Specification v. Data Sheet
Identify What Is Needed!
We all know that a good product is underpinned by being well specified, even if that specification is adapted during the development phase. Having that baseline to work from is essential. For a development programme to succeed the baseline specification describing the overall system needs is a vital document. Unfortunately it is often the case that the sub-systems the development team are not directly responsible for designing then rely on the interpretation of commercial data sheets to predict performance.
Don’t Fall Into The Trap
Battery powered equipment, especially if it is portable, often gets treated this way. It is difficult to nail down power and energy requirements at the start of a project as there will inevitably be some evolution of the needs during development and testing. But, just to treat the battery as a simple add on as the project matures is fraught with danger. To keep the power requirement ‘risk’ under perceived control, designers will turn to manufacturers data sheets and base requirements on the information they contain. The trouble is that the data on these sheets, especially at cell level, is only accurate under the specific conditions stated which are rarely encountered in the users world. Allowance needs to account for the data being generated for a cell being tested in ‘perfect’ conditions and fresh from the production line. The chances are that even if the requirement is for a single cell, in use it will not be in a well ventilated, temperature controlled environment. The main equipment may be, but the cell will be tucked away in its own little compartment insulated from the world around it. The cell/battery data sheet will probably show profiles of various discharge rates, but these will be steady load continuous discharges, fine if that’s the way the kit operates, but unlikely for most applications. What happens as a load varies, or is interrupted? Then, looking at multi cell batteries, it cannot just be assumed that the sum of a multi series/parallel layout is just taking the cell numbers and calculating accordingly. How the battery is constructed, additional necessary safety devices, and even cell orientation can have a significant effect on final performance. It is no wonder that cell and battery data sheets come with a warning about there being no contractual obligation on the cell manufacturers part! Discovering this when batteries are reaching the end of their life after three years use instead of five is not the time to be finding this out.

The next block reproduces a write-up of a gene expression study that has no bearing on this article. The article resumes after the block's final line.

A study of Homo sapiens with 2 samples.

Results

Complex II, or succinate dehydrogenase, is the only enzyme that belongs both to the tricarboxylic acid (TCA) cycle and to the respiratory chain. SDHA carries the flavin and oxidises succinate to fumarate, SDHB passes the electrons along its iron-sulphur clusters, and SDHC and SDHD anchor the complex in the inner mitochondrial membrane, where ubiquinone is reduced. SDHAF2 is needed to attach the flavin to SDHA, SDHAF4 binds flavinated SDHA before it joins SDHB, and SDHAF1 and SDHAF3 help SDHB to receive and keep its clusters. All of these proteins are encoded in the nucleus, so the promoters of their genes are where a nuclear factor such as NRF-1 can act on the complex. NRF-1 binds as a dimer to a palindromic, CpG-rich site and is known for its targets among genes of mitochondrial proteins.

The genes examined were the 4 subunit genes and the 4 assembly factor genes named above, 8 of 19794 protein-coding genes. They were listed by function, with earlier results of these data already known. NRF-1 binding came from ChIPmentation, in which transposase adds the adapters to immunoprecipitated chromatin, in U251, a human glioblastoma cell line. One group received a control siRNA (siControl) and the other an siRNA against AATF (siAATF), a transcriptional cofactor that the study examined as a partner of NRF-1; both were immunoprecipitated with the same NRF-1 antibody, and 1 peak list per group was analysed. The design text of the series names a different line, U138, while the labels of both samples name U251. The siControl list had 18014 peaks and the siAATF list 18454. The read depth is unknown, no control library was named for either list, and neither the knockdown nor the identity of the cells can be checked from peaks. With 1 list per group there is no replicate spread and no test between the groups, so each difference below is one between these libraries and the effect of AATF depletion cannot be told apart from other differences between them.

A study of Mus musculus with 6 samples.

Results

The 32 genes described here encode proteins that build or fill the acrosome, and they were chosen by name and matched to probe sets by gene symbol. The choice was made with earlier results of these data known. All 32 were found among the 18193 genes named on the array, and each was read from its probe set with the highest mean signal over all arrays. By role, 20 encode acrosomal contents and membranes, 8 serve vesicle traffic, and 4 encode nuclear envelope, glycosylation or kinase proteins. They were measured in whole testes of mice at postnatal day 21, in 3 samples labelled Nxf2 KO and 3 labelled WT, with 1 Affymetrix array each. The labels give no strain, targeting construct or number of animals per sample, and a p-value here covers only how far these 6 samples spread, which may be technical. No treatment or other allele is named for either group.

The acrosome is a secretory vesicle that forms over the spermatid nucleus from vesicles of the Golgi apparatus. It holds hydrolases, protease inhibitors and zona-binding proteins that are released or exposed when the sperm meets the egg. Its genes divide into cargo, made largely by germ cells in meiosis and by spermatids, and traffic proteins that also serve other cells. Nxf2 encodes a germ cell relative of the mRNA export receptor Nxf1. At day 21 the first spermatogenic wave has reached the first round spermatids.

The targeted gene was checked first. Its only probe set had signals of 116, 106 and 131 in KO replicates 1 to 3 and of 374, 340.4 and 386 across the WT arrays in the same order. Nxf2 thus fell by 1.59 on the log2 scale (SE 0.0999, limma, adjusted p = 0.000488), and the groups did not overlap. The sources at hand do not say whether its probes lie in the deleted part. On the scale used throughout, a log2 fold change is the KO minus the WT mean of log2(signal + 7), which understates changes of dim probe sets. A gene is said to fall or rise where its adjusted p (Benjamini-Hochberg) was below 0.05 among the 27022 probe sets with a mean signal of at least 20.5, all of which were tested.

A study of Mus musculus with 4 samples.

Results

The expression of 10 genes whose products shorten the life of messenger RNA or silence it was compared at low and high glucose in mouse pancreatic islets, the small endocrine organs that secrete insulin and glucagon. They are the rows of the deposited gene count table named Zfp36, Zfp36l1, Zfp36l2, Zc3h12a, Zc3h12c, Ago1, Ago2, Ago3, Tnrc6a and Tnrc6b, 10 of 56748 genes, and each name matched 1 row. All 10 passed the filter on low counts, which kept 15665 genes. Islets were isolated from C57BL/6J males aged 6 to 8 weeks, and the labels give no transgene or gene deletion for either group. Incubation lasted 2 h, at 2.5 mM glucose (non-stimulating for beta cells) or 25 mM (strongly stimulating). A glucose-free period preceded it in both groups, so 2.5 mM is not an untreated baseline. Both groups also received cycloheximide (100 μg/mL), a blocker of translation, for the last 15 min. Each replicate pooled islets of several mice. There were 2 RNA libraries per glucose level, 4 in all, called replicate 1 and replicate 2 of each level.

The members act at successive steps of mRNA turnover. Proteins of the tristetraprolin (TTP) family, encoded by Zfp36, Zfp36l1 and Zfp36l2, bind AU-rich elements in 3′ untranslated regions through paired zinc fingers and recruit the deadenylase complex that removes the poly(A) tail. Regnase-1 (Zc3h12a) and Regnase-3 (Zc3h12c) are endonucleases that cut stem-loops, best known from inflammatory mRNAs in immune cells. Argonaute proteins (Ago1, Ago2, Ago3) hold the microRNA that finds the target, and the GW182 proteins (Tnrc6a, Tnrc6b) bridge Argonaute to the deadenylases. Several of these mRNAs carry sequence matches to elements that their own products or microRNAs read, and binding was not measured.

We Don’t Know Everything
Cell and battery manufacturers do have a large amount of data and experience that they can call on when needed. The problem is that the battery requirement from the equipment developer is not sufficiently detailed, often reduced to a voltage / capacity / temperature range statement based on the broad envelope of the data sheet numbers. This is not enough to then produce a life and performance prediction where so many different factors need to be considered. The battery supplier can only base life predictions on the information supplied. Gaps in the information about how the battery will be used will result in a less accurate response from the cell/battery supplier. There is also the risk that one battery supplier will take an assumption on a gap in the requirement, whilst another will not, or assume something completely different. Either way, the result is a technology or financial risk depending on the supplier the equipment developer chooses. If the battery designer was not informed about a particular aspect of the requirement, they will not be obliged to assist when the kit does not work as intended.
A far better approach is to produce a proper specification for the battery, even if it is just a single cell. At the early stage of a project the reasons for not doing this seem many, but the effort in producing a comprehensive specification will pay off in the end. Being able to give competing suppliers a clear and complete requirement will reap benefits in the long term. By being in control of the battery specification, unfortunate problems like ‘sole supplier’ can be overcome and ownership is kept of the design – vital if the supplier originally selected is no longer able to produce the battery. Having a battery supplier provide a compliance statement against the specification gives better recourse in the event of performance shortfalls.
An independent battery consultant will be able to guide, and produce, a sufficiently detailed specification. This can then be updated as requirements mature in the main equipment development so the specification is a comprehensive description of all the parameters that need to be addressed by a potential battery supplier. This then gives the equipment developer the ability to run a fair competition between potential battery suppliers, with the obvious benefits!